Survey: NPR's listeners best-informed, Fox viewers worst-informed
Fairleigh Dickinson University
People who watch no news at all can answer more questions about international current events than people who watch cable news, a survey by Fairleigh Dickinson University's PublicMind finds.
NPR and Sunday morning political talk shows are the most informative news outlets, while exposure to partisan sources, such as Fox News and MSNBC, has a negative impact on people’s current events knowledge.
People who watch MSNBC and CNN exclusively can answer more questions about domestic events than people who watch no news at all. People who only watch Fox did much worse. NPR listeners answered more questions correctly than people in any other category.
The survey of 1185 random people conducted by landline and cell phone in early February follows a similar poll FDU conducted last November, which surveyed only New Jersey residents and returned similar results.
Each respondent was asked four of eight questions, which are at the bottom of this post. "On average, people were able to answer correctly 1.8 of 4 questions about international news, and 1.6 of 5 questions about domestic affairs," the report says. Here's the breakdown by viewing habits.
The report explains:
The largest effect is that of Fox News: all else being equal, someone who watched only Fox News would be expected to answer just 1.04 domestic questions correctly for a figure which is significantly worse than if they had reported watching no media at all. On the other hand, if they listened only to NPR, they would be expected to answer 1.51 questions correctly; viewers of Sunday morning talk shows fare similarly well. And people watching only The Daily Show with Jon Stewart could answer about 1.42 questions correctly.
Interestingly, the results of the poll controlled for partisanship. MSNBC, Fox and talk radio consumers answered more questions correctly when their political views aligned with those of the outlets they preferred. Moderates and liberals who watched only Fox did worse than conservatives who watched it. This mirrored the results at MSNBC, where a conservative viewer could be expected to answer an average of .71 international questions correctly, for example, and a liberal viewer could be expected to answer 1.89 questions correctly. "None of the other news media had effects that depended on ideology," says the report.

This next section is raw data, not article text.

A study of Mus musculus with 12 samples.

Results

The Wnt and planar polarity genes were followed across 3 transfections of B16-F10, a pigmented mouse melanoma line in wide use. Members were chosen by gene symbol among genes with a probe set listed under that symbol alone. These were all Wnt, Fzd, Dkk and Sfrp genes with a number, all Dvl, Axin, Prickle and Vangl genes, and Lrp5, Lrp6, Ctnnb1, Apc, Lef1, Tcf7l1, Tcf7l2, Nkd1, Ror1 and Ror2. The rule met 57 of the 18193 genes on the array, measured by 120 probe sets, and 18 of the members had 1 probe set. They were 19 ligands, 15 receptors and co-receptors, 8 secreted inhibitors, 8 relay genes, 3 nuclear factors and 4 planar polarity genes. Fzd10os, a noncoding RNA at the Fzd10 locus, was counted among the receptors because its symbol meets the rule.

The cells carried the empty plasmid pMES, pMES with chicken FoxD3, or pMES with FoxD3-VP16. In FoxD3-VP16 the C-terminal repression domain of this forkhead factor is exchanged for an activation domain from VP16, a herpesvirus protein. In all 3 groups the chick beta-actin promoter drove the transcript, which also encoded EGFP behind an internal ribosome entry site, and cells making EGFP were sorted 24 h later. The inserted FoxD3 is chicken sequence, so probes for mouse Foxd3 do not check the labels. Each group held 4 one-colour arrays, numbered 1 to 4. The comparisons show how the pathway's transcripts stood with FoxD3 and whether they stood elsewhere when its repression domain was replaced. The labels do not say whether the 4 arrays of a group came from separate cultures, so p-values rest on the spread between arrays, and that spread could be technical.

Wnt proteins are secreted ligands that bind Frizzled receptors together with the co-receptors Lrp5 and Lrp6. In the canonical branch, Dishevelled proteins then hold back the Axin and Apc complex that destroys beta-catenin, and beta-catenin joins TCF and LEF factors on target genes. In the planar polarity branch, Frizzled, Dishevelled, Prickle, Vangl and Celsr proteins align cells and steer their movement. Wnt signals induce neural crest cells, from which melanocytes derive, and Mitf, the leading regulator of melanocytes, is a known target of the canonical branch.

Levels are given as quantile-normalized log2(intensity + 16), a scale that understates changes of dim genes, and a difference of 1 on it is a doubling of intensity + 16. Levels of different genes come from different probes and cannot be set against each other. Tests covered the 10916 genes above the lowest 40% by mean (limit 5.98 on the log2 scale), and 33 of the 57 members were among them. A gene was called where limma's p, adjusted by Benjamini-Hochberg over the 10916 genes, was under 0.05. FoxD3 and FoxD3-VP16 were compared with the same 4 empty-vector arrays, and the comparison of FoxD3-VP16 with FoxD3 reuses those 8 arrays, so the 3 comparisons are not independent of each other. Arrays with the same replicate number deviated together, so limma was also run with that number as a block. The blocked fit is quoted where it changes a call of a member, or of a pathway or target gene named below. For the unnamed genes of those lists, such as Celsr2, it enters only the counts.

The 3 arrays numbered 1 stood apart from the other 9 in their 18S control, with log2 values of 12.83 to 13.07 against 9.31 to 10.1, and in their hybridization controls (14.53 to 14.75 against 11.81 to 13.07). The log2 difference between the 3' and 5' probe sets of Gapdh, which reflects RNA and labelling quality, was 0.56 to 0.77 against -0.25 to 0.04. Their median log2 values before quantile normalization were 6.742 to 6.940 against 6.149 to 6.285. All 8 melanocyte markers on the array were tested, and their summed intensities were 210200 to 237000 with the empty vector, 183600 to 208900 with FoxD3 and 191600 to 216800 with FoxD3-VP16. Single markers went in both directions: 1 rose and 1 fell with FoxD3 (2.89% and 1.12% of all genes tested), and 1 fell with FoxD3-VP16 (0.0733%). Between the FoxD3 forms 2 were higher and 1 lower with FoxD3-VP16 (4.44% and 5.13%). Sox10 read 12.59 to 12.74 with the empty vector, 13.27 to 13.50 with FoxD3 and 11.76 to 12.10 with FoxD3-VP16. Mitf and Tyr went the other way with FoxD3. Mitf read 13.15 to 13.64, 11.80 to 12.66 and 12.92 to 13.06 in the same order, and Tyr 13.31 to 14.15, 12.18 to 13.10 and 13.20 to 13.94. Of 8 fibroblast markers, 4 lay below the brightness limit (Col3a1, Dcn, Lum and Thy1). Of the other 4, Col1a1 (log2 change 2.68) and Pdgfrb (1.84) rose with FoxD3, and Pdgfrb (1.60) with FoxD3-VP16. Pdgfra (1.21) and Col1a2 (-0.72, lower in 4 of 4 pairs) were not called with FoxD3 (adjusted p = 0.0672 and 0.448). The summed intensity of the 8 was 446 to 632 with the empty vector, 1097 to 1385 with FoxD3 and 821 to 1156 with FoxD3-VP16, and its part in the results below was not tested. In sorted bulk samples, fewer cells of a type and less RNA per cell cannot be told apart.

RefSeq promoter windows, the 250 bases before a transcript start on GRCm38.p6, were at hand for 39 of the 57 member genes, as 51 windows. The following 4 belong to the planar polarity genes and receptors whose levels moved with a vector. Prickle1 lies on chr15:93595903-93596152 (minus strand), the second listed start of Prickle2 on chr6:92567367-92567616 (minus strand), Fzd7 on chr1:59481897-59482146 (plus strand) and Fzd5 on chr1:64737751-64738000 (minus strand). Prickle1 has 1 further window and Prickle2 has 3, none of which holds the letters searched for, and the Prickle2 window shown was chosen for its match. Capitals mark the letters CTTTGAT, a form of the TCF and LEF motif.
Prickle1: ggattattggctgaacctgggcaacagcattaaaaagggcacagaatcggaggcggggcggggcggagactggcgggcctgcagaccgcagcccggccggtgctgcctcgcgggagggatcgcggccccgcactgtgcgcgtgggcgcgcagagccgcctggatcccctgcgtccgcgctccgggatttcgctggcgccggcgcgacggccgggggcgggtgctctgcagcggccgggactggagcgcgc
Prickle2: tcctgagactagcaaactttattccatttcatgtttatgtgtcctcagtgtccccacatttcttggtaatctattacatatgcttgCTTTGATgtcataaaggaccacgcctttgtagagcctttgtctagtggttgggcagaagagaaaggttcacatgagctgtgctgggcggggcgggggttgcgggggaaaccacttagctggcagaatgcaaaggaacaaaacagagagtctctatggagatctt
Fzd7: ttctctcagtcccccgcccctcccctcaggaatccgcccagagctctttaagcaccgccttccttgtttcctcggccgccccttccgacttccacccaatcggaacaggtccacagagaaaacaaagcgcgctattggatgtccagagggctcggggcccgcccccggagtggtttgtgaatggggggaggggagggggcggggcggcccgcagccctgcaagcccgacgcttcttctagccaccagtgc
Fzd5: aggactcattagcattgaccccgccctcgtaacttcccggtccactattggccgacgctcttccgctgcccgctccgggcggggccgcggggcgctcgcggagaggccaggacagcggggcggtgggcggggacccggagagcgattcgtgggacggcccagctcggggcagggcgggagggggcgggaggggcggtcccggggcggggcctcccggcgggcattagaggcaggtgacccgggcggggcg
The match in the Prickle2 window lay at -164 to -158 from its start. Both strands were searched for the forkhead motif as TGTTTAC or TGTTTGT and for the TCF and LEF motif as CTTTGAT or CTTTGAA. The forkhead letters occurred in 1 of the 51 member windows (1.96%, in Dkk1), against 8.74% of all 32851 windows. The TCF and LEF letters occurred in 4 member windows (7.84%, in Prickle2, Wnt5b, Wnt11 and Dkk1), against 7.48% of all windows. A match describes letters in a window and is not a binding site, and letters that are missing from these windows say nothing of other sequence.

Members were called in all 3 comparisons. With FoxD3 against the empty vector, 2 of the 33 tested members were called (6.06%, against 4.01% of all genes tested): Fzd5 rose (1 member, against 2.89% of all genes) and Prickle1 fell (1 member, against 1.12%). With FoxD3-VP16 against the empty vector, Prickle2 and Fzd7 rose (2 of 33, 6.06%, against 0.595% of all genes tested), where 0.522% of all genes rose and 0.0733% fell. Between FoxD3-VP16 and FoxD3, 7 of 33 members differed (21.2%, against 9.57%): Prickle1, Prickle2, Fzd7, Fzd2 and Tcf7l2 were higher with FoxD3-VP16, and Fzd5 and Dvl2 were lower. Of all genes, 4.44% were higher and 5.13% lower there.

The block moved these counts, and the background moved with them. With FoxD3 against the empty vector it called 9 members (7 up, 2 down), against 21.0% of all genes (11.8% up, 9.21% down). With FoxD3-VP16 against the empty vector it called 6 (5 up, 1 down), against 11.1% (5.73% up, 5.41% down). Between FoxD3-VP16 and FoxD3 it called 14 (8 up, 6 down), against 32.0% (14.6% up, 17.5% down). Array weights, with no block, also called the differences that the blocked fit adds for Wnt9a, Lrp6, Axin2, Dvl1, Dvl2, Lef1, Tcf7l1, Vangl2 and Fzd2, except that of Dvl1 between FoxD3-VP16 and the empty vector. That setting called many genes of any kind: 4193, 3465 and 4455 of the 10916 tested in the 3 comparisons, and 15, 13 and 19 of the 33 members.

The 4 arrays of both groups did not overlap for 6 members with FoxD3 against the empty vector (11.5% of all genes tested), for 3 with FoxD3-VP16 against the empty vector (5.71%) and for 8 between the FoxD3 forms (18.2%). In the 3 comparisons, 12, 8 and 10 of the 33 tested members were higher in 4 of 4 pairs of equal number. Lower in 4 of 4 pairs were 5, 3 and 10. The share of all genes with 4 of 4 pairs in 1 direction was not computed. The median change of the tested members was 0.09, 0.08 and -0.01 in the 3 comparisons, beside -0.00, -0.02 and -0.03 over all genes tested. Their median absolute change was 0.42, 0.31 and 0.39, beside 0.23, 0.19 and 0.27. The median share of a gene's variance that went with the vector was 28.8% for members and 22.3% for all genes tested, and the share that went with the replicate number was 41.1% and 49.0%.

FDU political scientist Dan Cassino said the results show “Ideological news sources, like Fox and MSNBC, are really just talking to one audience.... This is solid evidence that if you’re not in that audience, you’re not going to get anything out of watching them.”
News organizations' tone and allocation of resources also apparently affected respondents' abilities to answer questions. NPR has as many domestic bureaus as foreign ones; its listeners did best on questions about international events. "Daily Show" viewers were next. On domestic questions, people who watched Sunday news shows did nearly as well as NPR listeners.
Questions: (all but the first two were open-ended)
• To the best of your knowledge, have the opposition groups protesting in Egypt been successful in removing Hosni Mubarak?
• How about the opposition groups in Syria? Have they been successful in removing Bashar al-Assad?
• Some countries in Europe are deeply in debt, and have had to be bailed out by other countries. To the best of your knowledge, which country has had to spend the most money to bail out European countries?
• There have been increasing talks about economic sanctions against Iran. What are these sanctions supposed to do?
• Which party has the most seats in the House of Representatives right now?
• In December, House Republicans agreed to a short-term extension of a payroll tax cut, but only if President Obama agreed to do what?
• It took a long time to get the final results of the Iowa caucuses for Republican candidates. In the end, who was declared the winner?
• How about the New Hampshire Primary? Which Republican won that race?
• According to official figures, about what percentage of Americans are currently unemployed?